Chapter 2 F/X 2 Introduction Video Effects and Movie Segments Video Effects and Images Video Effects and Sprites Low-Level Video Effects Functions Conclusion
Chapter 3 The Skin Game Introduction Skins Creating Skinned Movies Skinned Movie Playback Conclusion
Chapter 4 Captured Introduction Sequence Grabber Overview Previewing Channel Settings Monitor Window Size Recording Conclusion
Chapter 5 Broadcast News Introduction QuickTime Streaming QuickTime Broadcasting Broadcasting Broadcast Settings Monitor Window Control Conclusion
Chapter 6 The Flash Introduction Flash Overview Flash and Video Buttons The Flash File Format FSCommands Flash Media Handler Functions Conclusion
Chapter 7 The Flash II Introduction Wired Actions Targeted at Flash Tracks Wired Actions in Flash Tracks Conclusion
Chapter 8 Big Introduction The Theory The Practice Flash Application Messages QuickTime Application Messages
"Buried inside QuickTime are a host of powerful tools for creating, delivering, and playing digital media. The official QuickTime documentation explains 'what' each API function does. But knowing what each function does isn't enough to allow a developer to take full advantage of QuickTime. QuickTime Toolkit fills in the gapproviding plenty of practical examples of 'how' to use QuickTime to perform all kinds of useful tasks. More importantly, [this book] goes beyond 'how' and into 'why' —providing readers with a deeper understanding of QuickTime and how to benefit from using it in their own products." Peter Hoddie, cofounder of Kinoma and former QuickTime architect
QuickTime Toolkit, Volume Two continues the step-by-step investigation of programming QuickTime, the elegant and powerful media engine used by many of Apple's industry-leading services and products (such as the iTunes music store, iMovie, and Final Cut Pro) and also used by a large number of third-party applications. This second collection of articles from the author's highly regarded column in MacTech Magazine builds upon the discussion of playback techniques and media types presented in the first volume to cover advanced types of QuickTime media data, including video effects, Flash tracks, and skins. It shows how to capture audio and video data, broadcast that data to remote computers, play movies full screen, and load movies asynchronously. QuickTime Toolkit Volume Two also shows how to integrate Carbon events into your Macintosh application and how to work with Macintosh resources in your Windows application.
Part of the official QuickTime Developer Series, publishing the finest books on QuickTime in cooperation with Apple.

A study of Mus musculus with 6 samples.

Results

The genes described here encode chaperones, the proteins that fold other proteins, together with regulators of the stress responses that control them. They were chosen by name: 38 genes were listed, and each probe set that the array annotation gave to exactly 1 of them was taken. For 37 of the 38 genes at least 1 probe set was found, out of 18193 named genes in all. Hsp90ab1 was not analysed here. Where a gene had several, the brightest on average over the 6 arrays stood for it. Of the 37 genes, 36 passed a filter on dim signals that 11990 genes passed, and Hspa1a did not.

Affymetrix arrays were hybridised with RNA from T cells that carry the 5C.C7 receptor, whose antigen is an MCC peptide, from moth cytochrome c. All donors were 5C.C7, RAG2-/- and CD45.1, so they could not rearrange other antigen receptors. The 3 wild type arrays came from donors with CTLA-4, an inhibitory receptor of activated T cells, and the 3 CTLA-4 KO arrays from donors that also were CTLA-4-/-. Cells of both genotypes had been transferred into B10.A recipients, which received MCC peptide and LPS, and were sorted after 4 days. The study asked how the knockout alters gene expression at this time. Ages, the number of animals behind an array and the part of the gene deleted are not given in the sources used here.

Includes a CD-ROM with numerous code examples in C to help you get started with your own applications
Written by one of Apple's premier media engineers skilled in revealing QuickTime's sophisticated technology to programmers
*Offers many undocumented insider tips for making applications that work well in both Mac OS and Windows
Programmers, developers, and designers in the digital media industry. Those working in computer graphics, scientific visualization, and entertainment technology. Students and those learning about digital media.
- No. of pages:
- © Morgan Kaufmann 2004
- 30th June 2004
- Morgan Kaufmann
- eBook ISBN:
- Paperback ISBN:
"Buried inside QuickTime are a host of powerful tools for creating, delivering, and playing digital media. The official QuickTime documentation explains 'what' each API function does. But knowing what each function does isn't enough to allow a developer to take full advantage of QuickTime. QuickTime Toolkit fills in the gap—providing plenty of practical examples of 'how' to use QuickTime to perform all kinds of useful tasks. More importantly, [this book] goes beyond 'how' and into 'why' —providing readers with a deeper understanding of QuickTime and how to benefit from using it in their own products." —Peter Hoddie, cofounder of Kinoma and former QuickTime architect
"Tim Monroe manages to present all components of the occasionally difficult QuickTime framework in a clear—even entertaining—fashion. His numerous examples and sample code snippets are clear and well thought out and are great starting points for new projects. QuickTime Toolkit fills some gaps in Apple's official documentation and is an essential book for anyone preparing to dive into the powerful depths of low-level QuickTime programming." —Jurgen Schaub, founder, BOPJET Media, and QuickTime abuser
"When QuickTime application developers get stuck, one of the first places they look for help is example code from Tim Monroe. Finally, these well-crafted examples and clear descriptions are available in book form—a must-have for anyone writing applications that import, export, display, or interact with QuickTime movies." —Matthew Peterson, University of California, Berkeley; the M.I.N.D. Institute; and author of Interactive QuickTime "A detailed narrative that covers a substantial amount of what's invovled in QuickTime application programming on both Macintosh and Windows computers." - MacTech
Tim Monroe is a senior software engineer on the QuickTime engineering team at Apple Computer and a contributing editor at MacTech Magazine. He has spoken at Apple's Worldwide Developer Conference, QuickTime Live! and the O'Reilly Mac OS X Conference. He began his career at Apple as a technical writer, authoring a number of volumes in the well-known Inside Macintosh series and most of the original QuickTime VR and QuickDraw 3D developer documentation. Prior to joining Apple, he worked as a contractor at places like Sun Microsystems and IBM.
Apple Computer, Cupertino, California, U.S.A.